The heroes next door

A long-time Butte County resident who has worked for the homeless the past 10 years

Looking back over the past year in Chico, much has stayed the same. Students come, students go. Housing developments are built. City leaders chafe over downtown celebrations like Halloween.

One interesting occurrence in the past year was the resurgence of citizen involvement in local issues. Consider these examples.

After months of debate and wrangling, voters considered Measure A, a $3 million bridge into the Hegan Lane Business Park. Voters got a direct say due only to the efforts of Neighbors for Environmental and Fiscal Responsibility (NEFR), which collected signatures and forced a referendum. Outspent 3-1 by the Coalition for Parks and Jobs (CPJ) and opposed by the Enterprise-Record, NEFR mounted a vigorous volunteer campaign, and the bridge was soundly defeated.

The bridge turned off liberals because of environmental issues, and it wasn’t all that appealing to true-blue conservatives because the price was too much when other city roads suffer, and moderate Democrats didn’t like being advised they would be dumb to vote against a “win-win” deal like this. Who was left to vote on this loser? Basically, the Chamber of Commerce and Bob Linscheid.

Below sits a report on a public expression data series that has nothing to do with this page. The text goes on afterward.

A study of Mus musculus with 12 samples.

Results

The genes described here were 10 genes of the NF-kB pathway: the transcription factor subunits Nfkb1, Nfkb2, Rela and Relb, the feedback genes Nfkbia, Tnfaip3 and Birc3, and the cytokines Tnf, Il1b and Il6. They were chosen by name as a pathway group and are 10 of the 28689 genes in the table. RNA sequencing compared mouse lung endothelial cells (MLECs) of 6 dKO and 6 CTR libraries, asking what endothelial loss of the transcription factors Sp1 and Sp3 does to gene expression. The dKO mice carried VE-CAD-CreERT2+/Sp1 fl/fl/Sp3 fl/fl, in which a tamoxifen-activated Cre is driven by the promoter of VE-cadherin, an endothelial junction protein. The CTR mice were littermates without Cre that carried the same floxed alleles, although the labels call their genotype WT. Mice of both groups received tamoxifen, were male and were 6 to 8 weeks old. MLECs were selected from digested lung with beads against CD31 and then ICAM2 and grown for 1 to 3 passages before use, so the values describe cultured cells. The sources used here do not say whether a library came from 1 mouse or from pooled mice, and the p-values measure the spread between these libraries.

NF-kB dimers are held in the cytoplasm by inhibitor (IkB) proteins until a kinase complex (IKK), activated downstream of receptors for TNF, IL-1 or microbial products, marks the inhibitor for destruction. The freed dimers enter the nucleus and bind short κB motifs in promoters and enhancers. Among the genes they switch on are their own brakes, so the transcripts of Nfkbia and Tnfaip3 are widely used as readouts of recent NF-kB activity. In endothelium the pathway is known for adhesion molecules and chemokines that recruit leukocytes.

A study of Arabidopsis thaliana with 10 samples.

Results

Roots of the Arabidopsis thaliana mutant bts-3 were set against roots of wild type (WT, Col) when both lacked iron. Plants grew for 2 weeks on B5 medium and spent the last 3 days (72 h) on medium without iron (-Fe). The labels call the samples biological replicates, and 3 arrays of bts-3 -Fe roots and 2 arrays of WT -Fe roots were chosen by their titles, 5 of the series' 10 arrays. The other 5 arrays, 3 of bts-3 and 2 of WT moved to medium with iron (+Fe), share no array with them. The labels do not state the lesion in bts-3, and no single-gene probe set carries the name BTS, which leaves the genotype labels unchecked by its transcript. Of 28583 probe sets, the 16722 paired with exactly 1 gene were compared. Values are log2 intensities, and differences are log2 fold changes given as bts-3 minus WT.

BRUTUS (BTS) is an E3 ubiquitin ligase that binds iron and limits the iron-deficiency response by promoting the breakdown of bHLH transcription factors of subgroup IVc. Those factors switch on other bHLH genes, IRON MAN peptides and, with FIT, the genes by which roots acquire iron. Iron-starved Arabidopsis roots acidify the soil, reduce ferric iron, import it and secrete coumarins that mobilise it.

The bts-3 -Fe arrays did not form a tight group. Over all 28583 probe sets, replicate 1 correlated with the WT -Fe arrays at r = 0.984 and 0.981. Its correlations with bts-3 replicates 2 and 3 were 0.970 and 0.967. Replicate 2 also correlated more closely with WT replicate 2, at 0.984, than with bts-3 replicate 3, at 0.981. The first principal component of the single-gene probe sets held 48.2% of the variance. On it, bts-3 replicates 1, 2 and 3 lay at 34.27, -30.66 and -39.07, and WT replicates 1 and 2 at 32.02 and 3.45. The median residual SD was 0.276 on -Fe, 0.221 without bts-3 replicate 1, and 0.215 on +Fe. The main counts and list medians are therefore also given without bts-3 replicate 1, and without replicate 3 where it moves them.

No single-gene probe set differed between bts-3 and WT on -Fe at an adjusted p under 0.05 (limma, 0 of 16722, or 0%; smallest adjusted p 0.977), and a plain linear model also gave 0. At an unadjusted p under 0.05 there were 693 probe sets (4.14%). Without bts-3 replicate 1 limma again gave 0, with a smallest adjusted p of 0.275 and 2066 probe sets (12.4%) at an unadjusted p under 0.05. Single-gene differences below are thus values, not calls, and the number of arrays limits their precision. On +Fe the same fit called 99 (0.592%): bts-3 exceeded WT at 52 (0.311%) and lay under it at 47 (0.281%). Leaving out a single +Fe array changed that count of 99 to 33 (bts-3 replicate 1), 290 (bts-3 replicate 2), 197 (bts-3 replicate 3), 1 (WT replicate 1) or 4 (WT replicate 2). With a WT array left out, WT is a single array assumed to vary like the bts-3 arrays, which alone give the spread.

Now consider the redistricting of Butte County. I know we’re all sick of hearing about Supervisor Kim Yamaguchi, David Reade, Plan 5, blah, blah, blah. And yes, they probably are the most morally bankrupt group of Republicans this county has ever seen. Fortunately, they are politically inept. If not for this, Yamaguchi’s Plan 5, a.k.a. “Return to Fairness,” would be reality at this juncture.

Yamaguchi and his cohorts, Supervisors Curt Josiassen and Bob Beeler, seemingly have no knowledge of the nuts and bolts of open and democratic government. As such, more than 15,000 people signed referendum petitions to vote on whether this plan was really fair. On March 5 they will have that opportunity.

Citizen involvement in the work of government was the norm for local politics last year. It resulted in the defeat of one costly project and the successful drive to place an item on the ballot for the elections in March.

Since Sept. 11, there has been a great deal of flag waving and a lot of talk about "heroes." I would like to suggest that we display our patriotism best when we speak our mind, no matter how unpopular the view may be. I believe that this democracy’s true everyday heroes are those willing to sign their names to a letter to the editor that will inspire debate or sign their names to a petition that challenges governmental bodies. These are the actions that define an open democracy, and those who take part in them help to preserve it for us all.